Braid was a band from Champaign-Urbana, Illinois that can be categorized with other early 90’s acts with a guitar driven, aggressive sound. They have the energy and abrasive timbre of Snapcase, the edgy stop-start math rock leaning of Polvo and sometimes the catchy hooks of Husker Du. Their sounds also exploits the kind of jumbled mess of guitars and screams that are each freely exploring all the possibilities of a chosen melodic and harmonic line. Somewhere between near all out improv and solid structure the band seems to be most comfortable constantly pulling themselves off in all different directions.
The band’s debut full-length album “Frankie Welfare Boy Age Five” is packed with short bursts of energy that are contained within a rush of loud, boisterous songs fueled by an urgency of fast, distorted guitars careening through 2 minutes of screamed vocals. The tracks are broken up by the constant turning of a radio dial that is sometimes interrupted by short ideas that are faded up, but quickly turning to new songs. Braid cuts through the noise of the radio dial with a noise of their own.
Through “Frankie Welfare Boy Age 5” there are many straight forward aggressive punk tracks like “Summer Salt” which is 2 and a half minutes of hardcore punk. “X Marks the Hope Box” leans a bit more towards math-rock with its running guitar line dashing across the fretboard frenetically that is doubled by the drums in stop-start fashion that is continued with the track “Brass Knuckle Sandwich”.
There is a lot of content on the album, showing the band in a steady trajectory. They are stretching out within songs but remaining true to their hard core sound, standing on the very edge of math rock and early emo-core. At the Drive-In would later tread a very similar path with their work.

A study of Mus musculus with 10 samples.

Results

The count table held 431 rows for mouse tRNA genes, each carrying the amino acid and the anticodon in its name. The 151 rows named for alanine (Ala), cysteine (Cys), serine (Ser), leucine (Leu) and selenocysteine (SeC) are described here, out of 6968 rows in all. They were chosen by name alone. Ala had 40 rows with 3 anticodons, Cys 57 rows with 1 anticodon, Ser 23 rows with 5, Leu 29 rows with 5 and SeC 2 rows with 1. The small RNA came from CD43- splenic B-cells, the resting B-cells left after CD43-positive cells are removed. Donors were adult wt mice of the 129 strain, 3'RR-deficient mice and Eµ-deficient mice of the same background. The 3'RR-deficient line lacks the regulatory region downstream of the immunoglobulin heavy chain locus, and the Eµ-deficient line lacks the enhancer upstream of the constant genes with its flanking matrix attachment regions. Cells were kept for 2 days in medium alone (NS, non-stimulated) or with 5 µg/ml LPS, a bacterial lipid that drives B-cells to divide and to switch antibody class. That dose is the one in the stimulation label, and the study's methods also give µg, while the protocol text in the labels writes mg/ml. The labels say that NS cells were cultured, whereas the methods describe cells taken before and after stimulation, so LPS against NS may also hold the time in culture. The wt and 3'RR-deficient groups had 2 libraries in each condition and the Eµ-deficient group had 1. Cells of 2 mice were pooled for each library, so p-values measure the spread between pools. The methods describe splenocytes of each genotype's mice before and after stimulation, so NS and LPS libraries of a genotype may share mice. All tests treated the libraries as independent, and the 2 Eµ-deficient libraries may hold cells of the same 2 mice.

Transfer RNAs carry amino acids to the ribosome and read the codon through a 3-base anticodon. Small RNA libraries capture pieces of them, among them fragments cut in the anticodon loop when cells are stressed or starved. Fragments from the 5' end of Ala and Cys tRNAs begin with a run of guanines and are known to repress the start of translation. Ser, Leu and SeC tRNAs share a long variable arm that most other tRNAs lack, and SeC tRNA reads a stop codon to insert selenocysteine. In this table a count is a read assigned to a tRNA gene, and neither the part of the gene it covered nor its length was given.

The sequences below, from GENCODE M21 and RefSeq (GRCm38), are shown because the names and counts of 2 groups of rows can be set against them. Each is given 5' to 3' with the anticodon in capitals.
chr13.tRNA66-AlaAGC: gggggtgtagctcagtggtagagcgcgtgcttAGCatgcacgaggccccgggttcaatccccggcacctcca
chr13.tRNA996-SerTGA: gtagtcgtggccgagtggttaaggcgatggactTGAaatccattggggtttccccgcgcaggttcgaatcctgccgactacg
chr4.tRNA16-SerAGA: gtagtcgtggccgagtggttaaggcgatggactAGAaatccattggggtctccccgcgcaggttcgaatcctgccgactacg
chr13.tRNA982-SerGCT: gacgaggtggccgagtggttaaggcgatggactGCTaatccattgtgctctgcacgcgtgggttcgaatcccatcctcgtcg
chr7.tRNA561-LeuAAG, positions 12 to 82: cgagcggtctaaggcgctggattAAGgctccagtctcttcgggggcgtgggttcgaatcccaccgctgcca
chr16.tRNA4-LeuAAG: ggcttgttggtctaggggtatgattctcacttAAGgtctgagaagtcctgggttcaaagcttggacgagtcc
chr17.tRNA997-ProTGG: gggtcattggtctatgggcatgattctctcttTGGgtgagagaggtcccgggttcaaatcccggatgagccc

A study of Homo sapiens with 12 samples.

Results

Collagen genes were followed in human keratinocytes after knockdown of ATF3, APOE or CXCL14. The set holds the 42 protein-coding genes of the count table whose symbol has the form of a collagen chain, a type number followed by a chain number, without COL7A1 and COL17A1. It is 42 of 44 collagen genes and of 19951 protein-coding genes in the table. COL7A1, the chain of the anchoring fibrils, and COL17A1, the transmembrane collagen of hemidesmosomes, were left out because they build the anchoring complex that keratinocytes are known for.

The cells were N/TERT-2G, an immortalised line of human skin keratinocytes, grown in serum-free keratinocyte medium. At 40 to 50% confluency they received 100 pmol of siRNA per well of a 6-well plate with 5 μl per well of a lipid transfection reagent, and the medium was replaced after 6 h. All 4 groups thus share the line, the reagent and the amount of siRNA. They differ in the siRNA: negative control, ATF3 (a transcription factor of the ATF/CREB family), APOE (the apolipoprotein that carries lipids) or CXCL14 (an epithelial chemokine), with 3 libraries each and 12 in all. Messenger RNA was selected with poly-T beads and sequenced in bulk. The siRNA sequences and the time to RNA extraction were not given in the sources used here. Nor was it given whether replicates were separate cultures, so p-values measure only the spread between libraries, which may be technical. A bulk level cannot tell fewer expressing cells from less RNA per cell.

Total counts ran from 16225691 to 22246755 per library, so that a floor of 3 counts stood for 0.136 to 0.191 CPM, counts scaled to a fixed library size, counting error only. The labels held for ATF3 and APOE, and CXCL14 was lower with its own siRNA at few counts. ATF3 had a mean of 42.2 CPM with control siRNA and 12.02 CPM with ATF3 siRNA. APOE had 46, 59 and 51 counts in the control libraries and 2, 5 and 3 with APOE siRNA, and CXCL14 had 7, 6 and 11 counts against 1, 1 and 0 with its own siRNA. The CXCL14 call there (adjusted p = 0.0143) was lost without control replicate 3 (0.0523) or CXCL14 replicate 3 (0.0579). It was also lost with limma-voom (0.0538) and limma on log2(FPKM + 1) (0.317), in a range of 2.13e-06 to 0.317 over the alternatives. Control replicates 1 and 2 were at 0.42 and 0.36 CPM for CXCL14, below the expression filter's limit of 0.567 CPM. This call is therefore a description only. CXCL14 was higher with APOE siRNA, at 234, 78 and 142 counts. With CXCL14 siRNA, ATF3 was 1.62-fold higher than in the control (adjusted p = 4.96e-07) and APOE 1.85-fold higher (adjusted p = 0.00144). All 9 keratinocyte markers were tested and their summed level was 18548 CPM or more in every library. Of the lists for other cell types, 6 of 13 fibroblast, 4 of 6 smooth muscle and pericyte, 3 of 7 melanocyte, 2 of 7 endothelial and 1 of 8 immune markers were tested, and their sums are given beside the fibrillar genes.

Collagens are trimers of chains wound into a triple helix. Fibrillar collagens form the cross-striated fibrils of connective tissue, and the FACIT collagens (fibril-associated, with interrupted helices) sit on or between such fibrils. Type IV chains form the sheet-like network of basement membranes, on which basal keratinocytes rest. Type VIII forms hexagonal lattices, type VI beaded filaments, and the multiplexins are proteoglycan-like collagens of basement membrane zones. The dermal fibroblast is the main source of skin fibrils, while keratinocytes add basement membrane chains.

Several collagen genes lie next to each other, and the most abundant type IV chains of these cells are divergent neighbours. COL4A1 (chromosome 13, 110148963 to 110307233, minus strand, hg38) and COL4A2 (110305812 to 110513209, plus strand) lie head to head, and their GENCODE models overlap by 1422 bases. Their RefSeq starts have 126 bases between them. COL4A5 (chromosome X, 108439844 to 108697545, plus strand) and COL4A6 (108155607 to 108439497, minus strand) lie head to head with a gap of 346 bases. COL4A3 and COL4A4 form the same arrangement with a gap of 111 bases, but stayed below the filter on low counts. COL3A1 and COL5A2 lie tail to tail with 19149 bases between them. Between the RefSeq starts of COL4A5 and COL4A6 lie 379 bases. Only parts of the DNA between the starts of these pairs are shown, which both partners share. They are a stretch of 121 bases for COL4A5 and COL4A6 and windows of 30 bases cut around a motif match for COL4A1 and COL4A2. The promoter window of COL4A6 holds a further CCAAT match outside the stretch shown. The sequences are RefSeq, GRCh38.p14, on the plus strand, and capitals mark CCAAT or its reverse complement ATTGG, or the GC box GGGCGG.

With “Movie Music Vol. 1” their work becomes a bit more polished. Songs are lengthier, more developed and structured into parts that fit neatly together, dovetailing with catchy hooks that are begging to be screamed en masse. The guitars on this album seem to stay out of the way of each other. More room is made for the bass, and dynamically the band is more in control. On this album they make use of a broader sonic pallet and embrace more of a loud/quiet/loud characteristic that is added to the stop-start urgency of their songwriting which makes everything that much more powerful. They make room for each other, take their time and even show a much more reserved and quiet side with the track “Radish White Icicle” with its gently strummed guitar and light brass arrangement in the background. All of this growth of songwriting results in a more solidified sound that is thicker and more reinforced instead of wandering. Despite this their sound in general remains completely intact and easily recognizable.
Through all of this noise of guitars and punk rock attitude there is an honesty and sincerity added to the music through vocals that are untouched by effects, standing completely out in the open, totally vulnerable. The recordings have that lo-fi, home-recorded sound to them that is lacking in today’s uber-commercial and overproduced “emo” music. Braid’s music was not of gimmicks and trend, it was music of honesty and emotion before those elements became a musical commodity.
The fact that Polyvinyl has seen it fit to re-release each of Braid’s albums speaks to the importance of their output. They come from an era of music just before it was easy for word to spread through the internet. Their success was purely word of mouth built upon a reputation of touring and recording, yet their influence on other bands can still be heard today.
For more information on Braid, and to hear tracks, but most importantly to purchase their re-releases (which are nearly 50% sold out!) head over to Polyvinyl right now.